A New Era for European Finance

FRANKFURT -- The European Monetary Institute, forerunner of a future European Central Bank, held its inaugural meeting in Frankfurt's historic city hall Tuesday, ushering in a new European financial era.

Its president, Alexandre Lamfalussy, made clear that the EMI was going to be very cost-conscious.

A major row broke out last year over extravagant expenditure by the European Bank for Reconstruction and Development, the agency promoting economic development in East Europe.

Lamfalussy also said that the EMI faced the hard task of fostering European monetary cooperation while decision-making remained firmly with individual central banks.

He said the EMI had a very clear separate mandate to prepare the ground for the creation of a central bank system. The EMI had to work out exactly what instruments the future central bank would use.

However, he was very positive about the progress made towards integrating European economies over the last five years and said developments on European currency markets in the last few months had been remarkable.

In an essentially symbolic first meeting in the city hall in Frankfurt -- the EMI has not yet found permanent offices -- the EMI dealt largely with organizational matters.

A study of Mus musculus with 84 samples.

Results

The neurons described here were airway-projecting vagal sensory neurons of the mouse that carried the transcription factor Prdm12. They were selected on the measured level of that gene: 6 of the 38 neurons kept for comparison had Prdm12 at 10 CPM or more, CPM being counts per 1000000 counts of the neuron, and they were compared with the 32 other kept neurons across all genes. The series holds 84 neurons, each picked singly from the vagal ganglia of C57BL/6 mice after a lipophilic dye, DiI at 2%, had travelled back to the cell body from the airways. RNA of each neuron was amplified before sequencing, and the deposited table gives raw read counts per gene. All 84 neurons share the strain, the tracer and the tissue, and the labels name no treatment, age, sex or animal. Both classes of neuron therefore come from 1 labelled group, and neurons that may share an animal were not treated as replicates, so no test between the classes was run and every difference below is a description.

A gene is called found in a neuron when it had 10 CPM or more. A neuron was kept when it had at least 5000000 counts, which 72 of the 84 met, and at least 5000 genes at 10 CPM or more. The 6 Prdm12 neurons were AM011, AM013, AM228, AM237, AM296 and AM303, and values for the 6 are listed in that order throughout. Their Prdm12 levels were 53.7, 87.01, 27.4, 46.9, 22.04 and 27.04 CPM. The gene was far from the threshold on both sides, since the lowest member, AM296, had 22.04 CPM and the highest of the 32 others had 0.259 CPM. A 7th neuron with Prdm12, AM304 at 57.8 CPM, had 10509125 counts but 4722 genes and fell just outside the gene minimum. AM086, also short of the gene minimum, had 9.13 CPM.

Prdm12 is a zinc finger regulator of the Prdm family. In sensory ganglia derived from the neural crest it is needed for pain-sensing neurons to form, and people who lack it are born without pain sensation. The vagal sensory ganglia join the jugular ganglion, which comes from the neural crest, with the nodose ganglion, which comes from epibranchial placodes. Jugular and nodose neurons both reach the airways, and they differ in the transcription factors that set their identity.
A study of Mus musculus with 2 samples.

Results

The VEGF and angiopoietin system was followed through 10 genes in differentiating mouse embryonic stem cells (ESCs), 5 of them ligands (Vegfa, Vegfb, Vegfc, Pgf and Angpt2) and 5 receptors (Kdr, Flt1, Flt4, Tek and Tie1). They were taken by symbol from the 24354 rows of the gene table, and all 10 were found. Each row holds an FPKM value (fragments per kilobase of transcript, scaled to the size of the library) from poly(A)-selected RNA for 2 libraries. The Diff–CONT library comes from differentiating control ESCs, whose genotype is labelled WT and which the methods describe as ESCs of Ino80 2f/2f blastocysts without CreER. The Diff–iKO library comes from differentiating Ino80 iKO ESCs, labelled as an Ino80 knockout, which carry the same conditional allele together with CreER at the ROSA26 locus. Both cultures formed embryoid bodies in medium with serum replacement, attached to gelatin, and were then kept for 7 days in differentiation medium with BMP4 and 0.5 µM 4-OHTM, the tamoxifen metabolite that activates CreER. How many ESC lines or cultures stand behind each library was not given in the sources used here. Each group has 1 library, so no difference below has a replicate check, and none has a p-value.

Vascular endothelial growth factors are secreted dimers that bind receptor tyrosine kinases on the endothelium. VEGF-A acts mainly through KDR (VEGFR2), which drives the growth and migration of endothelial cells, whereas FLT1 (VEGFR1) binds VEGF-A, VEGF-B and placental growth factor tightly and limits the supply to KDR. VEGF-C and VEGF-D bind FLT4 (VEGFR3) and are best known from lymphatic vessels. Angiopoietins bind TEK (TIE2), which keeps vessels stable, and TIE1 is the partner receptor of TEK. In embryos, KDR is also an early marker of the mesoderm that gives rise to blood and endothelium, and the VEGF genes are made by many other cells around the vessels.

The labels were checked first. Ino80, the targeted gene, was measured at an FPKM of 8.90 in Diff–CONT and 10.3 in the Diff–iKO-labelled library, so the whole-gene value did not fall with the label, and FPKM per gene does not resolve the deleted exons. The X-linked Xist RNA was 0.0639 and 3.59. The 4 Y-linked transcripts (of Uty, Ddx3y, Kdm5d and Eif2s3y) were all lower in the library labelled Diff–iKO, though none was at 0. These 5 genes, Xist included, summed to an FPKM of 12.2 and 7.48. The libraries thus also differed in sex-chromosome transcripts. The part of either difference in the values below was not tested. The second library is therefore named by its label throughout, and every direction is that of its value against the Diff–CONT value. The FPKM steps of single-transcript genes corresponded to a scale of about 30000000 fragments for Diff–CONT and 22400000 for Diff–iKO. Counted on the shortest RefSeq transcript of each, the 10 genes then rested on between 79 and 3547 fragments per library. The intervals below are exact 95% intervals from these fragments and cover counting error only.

Lamfalussy said no decision had been made on a site for the EMI. He had looked at two office blocks. He was still receiving offers, which would be considered.

Frankfurt was chosen as the site for the EMI and a future central bank after a hotly contested battle between Germany's financial capital and London.

Some critics of the Frankfurt decision worried the EMI could come under excessive influence of the powerful German Bundesbank, but Lamfalussy made clear he would not permit this.

"I shall not accept a greater influence from the Bundesbank when we are here than if I had been sitting on top of a mountain somewhere else," he said.

Lamfalussy said it was unlikely that monetary union would be achieved by 1997 and he declined to speculate on whether there would be a common currency for some countries by 1999.

But he was confident a common currency would ultimately be created. "I believe there will be a common currency because we have reached a degree of real economic integration," he said.